Strengthening Constitutional Self-Government

No Left Turns

Canada’s political crisis

Our old friend John von Heyking offers a lucid explanation of attempts to address a political impasse precipitated by Canadian Prime Minister Stephen Harper’s perhaps ill-advised attempt to cut off public electoral subsidies to rival political parties. Rather than adopt American-style political fund-raising, the three opposition parties--with nothing in common except an inability to raise money according to Canada’s rules--have entered into a political marriage of convenience to bring Harper down. Von Heyking explains why they’re unlikely to succeed and how John Locke helps us understand why.   

Discussions - 1 Comment

You are wrong, there are a few things in common with the three opposition parties.

To name a few, they are far more left than the current minority government in power and together they hold more power than the conservatives.

Unlike the U.S.A., Canada does not elect parties, we elect Members of Parliament and traditionally the party with the most seats gets to make the cabinet. If they have a majority they can pass laws and regulation all they want but without the majority of seats they need to work with the opposition if they ever want to get anything done.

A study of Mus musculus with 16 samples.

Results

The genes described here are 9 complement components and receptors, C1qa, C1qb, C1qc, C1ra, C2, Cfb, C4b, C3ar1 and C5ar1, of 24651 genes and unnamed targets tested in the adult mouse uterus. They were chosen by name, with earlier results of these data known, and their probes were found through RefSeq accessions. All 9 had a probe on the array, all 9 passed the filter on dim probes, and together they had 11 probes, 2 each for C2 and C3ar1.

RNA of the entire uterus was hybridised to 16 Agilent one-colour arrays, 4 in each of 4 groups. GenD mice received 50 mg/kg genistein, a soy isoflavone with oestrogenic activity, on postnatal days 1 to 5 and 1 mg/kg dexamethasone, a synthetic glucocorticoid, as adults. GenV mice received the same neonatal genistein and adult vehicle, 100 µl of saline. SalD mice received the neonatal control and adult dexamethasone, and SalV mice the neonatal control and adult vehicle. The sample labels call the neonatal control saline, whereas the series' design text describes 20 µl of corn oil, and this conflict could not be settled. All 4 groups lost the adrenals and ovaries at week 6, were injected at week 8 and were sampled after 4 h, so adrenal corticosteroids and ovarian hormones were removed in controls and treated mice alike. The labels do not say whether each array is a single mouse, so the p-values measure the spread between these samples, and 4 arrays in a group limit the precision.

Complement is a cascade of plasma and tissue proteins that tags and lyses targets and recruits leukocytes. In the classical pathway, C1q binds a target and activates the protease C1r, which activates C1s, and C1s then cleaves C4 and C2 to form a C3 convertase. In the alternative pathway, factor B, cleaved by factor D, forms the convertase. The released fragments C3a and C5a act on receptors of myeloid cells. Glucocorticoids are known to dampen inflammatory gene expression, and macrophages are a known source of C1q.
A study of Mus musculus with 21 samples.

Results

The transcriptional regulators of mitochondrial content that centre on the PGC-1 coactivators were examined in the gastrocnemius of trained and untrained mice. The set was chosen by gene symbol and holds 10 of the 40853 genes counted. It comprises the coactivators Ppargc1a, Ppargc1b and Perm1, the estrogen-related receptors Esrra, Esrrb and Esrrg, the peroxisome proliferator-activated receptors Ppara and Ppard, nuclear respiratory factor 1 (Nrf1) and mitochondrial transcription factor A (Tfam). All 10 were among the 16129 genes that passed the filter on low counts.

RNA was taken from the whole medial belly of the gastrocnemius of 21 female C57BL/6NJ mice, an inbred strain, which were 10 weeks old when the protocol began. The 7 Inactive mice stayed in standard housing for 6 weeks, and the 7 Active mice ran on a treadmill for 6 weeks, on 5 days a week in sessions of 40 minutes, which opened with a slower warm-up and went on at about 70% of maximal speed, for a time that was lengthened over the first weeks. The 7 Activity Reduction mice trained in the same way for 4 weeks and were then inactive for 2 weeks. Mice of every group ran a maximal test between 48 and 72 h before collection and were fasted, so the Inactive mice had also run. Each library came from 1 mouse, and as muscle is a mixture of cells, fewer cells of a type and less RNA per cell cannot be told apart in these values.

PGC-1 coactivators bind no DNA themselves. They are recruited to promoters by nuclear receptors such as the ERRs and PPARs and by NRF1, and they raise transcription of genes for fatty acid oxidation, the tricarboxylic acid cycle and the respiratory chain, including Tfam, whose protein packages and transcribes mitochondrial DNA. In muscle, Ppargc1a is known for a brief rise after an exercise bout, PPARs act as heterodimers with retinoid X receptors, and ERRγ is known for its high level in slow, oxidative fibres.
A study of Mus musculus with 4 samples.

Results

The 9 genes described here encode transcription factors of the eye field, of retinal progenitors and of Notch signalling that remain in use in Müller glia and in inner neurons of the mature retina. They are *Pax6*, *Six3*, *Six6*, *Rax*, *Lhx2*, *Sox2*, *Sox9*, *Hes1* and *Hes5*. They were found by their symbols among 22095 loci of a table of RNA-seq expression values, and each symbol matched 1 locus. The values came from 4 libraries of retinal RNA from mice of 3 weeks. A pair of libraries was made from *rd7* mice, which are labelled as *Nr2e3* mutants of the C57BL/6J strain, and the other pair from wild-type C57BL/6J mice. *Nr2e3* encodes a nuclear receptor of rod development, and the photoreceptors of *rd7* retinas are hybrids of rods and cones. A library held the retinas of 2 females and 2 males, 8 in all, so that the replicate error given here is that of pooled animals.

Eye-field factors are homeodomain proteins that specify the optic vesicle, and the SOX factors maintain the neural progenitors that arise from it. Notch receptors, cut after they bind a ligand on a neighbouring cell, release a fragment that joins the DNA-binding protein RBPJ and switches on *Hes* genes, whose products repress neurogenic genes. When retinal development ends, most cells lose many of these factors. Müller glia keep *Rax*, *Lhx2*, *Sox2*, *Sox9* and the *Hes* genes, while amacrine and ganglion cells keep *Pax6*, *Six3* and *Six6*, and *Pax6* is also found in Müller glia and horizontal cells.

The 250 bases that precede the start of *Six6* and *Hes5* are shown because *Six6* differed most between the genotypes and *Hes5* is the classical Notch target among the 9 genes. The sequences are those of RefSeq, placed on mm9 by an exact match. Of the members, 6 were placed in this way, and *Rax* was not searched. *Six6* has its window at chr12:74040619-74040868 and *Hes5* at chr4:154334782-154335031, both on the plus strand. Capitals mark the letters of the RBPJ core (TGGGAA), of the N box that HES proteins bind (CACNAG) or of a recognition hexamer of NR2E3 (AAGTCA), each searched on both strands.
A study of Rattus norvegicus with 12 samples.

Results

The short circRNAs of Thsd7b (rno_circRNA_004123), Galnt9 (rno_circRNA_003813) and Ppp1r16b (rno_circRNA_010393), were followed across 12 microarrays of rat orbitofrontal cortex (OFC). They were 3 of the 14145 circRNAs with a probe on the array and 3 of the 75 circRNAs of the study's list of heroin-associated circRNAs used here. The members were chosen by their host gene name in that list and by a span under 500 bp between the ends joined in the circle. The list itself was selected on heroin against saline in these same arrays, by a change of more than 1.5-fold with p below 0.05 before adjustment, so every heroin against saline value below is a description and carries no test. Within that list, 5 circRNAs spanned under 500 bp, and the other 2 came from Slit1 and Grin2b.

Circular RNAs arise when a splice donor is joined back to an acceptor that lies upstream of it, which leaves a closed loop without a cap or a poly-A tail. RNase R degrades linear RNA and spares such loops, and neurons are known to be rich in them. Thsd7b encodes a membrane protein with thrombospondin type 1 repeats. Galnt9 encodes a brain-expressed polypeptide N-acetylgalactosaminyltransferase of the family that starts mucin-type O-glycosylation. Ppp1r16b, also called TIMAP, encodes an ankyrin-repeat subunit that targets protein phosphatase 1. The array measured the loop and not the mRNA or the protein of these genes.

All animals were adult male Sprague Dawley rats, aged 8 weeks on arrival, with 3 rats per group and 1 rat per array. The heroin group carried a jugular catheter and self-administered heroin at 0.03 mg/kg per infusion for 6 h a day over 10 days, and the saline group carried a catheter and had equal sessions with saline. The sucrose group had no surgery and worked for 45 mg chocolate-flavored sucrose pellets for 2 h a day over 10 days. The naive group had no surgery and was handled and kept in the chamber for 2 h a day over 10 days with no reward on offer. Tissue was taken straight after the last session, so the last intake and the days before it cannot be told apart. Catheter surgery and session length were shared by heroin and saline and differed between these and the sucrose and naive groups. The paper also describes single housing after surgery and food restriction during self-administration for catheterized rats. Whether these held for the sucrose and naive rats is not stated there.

Harper, time and again, has failed to do this and in a time of economic crisis he decided to try to cut funding to other parties instead of build a decent stimulus package. Since he only holds a minority of power it is up to him to keep the confidence of the house and he has failed to do so. A vote a non-confidence traditionally means the Governor General would look to the polls to make a new government however she already has a fresh idea of what we want and another election won't change that. After prorogue if Harper has failed to get the majority of confidence in the house the Governor General will have to go to the opposition who will have a party with enough confidence of the House to lead our country.

The majority of Canadians voted against Harper and with his power he refused to work with those we elected. Harper tried to do the same thing in 2000 and 2004 and even went as far as writing the Governor General asking her to consider a Bloc/Conservative coalition against the Liberals. Back in 2000 and 2004, Harper and the conservatives would have loved the Bloc vote at the time but now that they lost it they're acting like sore losers.